The challenging COVID pandemic, material shortages, manpower and inflation are a wakeup call for businesses and roofing contractors. These challenges compound the baby boomer goals of exiting, succession, and retirement.
Your company sale outcome will probably depend more on managing your taxes than your value or multiple.
During the challenging exit process, you do not want to be that owner who fumbles the ball in the red zone of their career only to leave a mess for their spouses, family, company, and community.
You may ask, what is the main cause of failure? The U.S. Small Business Administration (SBA) found most companies haven’t planned properly for ownership changes.
“At any given time, 40% of U.S. businesses are facing the transfer of ownership issue,” the SBA states on its website. “The primary cause for failure … is the lack of planning.”
This short article will focus on the three business statistics you need to memorize to understand your risk if you ever intend to cash out.
Statistic #1: 70%
Seventy percent of your wealth is trapped inside your illiquid business. Because this number is so large, how do you intend to beat these odds and reduce your tax burden? How will you cash out, retire and not run out of money or alter your post-exit lifestyle?
Statistic #2: 30%
Fewer than 30% of businesses ever sell or transfer. According to the Family Firm Institute, an international association for professionals servicing family-owned enterprises:
- Seventy percent fail to transfer to the second generation
- Ninety percent fail to transfer to the third generation
These are onerous statistics that you can’t afford to ignore for your legacy with your family, management, and employees.
Statistic #3: Taxes of 60% Plus
If you are one of the lucky ones to cash out, then you have the welcoming hands of Uncle Sam waiting for his “fair share” of your harvest. This can range from zero to over 60%.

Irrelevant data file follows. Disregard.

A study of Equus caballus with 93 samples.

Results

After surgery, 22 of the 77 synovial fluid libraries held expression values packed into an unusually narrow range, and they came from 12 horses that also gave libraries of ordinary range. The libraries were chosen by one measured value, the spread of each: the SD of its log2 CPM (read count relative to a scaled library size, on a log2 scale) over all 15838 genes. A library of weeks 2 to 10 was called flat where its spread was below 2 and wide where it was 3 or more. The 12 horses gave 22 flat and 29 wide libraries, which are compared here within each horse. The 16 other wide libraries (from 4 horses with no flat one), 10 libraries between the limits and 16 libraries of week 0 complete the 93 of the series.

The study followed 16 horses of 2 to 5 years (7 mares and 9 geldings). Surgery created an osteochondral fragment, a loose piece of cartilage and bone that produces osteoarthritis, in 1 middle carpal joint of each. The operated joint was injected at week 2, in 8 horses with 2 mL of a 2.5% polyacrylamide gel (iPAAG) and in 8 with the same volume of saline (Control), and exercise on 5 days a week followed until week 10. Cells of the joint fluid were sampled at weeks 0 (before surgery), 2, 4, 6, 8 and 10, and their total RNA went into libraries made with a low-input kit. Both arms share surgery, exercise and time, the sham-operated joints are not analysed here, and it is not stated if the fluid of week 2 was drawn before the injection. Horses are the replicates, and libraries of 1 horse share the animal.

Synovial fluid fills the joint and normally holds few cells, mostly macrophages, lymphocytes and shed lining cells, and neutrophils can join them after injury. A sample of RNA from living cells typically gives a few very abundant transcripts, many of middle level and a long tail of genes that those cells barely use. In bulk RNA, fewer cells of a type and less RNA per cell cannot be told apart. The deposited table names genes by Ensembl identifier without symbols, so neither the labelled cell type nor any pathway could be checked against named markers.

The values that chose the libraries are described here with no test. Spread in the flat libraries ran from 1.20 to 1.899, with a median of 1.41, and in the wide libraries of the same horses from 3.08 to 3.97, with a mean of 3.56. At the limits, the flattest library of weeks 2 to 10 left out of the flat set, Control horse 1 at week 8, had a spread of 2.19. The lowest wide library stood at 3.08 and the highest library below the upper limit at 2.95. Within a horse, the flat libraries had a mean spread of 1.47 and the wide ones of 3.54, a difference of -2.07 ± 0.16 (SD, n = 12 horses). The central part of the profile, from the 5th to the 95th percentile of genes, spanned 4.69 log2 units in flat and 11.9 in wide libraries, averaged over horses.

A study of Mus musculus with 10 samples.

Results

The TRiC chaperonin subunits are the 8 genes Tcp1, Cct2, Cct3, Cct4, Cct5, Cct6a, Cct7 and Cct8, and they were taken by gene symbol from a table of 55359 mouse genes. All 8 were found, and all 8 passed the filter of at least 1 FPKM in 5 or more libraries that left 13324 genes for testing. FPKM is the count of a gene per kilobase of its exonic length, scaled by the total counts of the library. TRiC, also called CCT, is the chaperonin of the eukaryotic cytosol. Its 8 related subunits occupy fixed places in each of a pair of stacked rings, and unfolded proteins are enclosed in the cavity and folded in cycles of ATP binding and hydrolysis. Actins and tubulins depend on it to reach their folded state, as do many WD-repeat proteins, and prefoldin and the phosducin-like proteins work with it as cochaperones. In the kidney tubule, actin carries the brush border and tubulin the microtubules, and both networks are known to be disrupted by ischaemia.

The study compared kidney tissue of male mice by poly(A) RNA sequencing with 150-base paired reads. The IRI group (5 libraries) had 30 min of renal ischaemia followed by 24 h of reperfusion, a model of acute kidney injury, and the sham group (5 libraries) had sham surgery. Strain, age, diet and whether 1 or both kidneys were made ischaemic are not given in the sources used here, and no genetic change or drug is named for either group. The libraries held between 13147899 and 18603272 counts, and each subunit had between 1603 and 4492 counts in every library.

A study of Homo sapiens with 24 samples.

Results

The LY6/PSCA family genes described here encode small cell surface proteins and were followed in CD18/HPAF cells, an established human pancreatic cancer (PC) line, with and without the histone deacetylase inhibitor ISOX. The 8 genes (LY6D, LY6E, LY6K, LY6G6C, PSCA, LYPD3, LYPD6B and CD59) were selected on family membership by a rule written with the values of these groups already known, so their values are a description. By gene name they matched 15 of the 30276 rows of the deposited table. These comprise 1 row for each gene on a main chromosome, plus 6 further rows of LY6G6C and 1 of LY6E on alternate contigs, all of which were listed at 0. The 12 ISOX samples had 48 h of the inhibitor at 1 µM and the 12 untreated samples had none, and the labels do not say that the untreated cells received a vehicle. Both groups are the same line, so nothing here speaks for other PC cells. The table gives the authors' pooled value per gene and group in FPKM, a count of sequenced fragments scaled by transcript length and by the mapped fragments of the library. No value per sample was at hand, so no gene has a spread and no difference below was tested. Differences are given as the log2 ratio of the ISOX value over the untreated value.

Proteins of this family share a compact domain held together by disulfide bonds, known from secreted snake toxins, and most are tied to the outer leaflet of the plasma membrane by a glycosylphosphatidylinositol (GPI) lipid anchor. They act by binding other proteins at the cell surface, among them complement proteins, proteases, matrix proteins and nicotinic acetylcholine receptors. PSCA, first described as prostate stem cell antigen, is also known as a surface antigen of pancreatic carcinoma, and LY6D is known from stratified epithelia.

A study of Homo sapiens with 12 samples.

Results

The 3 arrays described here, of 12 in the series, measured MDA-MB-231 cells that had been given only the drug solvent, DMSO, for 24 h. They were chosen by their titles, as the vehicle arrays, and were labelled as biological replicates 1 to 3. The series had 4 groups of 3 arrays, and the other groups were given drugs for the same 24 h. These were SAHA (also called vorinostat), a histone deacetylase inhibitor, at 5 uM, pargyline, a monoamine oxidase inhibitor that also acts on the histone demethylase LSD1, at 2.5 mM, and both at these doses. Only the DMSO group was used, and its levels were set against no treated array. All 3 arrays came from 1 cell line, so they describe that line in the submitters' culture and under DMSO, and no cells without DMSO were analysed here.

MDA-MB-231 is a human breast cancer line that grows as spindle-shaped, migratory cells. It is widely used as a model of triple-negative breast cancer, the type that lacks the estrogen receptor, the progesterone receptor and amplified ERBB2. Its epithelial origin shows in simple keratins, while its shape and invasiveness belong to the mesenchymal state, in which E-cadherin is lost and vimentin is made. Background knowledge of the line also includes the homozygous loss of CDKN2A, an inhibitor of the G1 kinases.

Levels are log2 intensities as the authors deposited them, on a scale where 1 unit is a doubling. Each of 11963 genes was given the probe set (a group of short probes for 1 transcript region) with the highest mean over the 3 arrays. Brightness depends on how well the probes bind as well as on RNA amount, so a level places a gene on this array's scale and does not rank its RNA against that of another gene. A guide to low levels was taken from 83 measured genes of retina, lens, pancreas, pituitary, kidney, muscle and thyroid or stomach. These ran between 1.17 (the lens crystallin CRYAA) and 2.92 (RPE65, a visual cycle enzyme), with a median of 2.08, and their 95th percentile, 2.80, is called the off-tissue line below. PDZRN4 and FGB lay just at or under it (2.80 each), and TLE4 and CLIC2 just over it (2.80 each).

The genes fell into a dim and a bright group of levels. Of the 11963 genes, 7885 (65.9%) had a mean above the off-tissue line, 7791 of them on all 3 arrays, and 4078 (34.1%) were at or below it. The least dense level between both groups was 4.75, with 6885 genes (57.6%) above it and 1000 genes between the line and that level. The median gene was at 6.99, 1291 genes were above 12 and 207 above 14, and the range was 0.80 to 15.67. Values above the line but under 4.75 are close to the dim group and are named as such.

You need an experienced exit tax adviser that can reduce or eliminate the tax erosion during the exit.
We delivered a plan to an owner whose goal was to sell to his management. This is called a management buyout, or MBO. We illustrated four strategies where taxes on the proceeds ranged from 15.16% to 57.30%
The table below shows the same company valuation of $7.2 million with four different tax strategies and four bottom line outcomes.
Note that the last strategy (CH LLC) will eliminate up to 85% of the capital gain tax and can be applied to real estate investments, privately held business, external company sale, professional practices, fractional interest in LLC, 1031 Exchange or other capital assets.
Taxes are just one aspect of the complicated exit plan, but a critical bottom-line component.
There is around a $4 million difference between the high and low net proceeds to the seller that will have a large impact on the owner’s retirement and lifestyle. Your business exit will probably be the largest financial event of your life and will have a large impact on your retirement and legacy.
And remember, it is not how much you get, but how much you keep.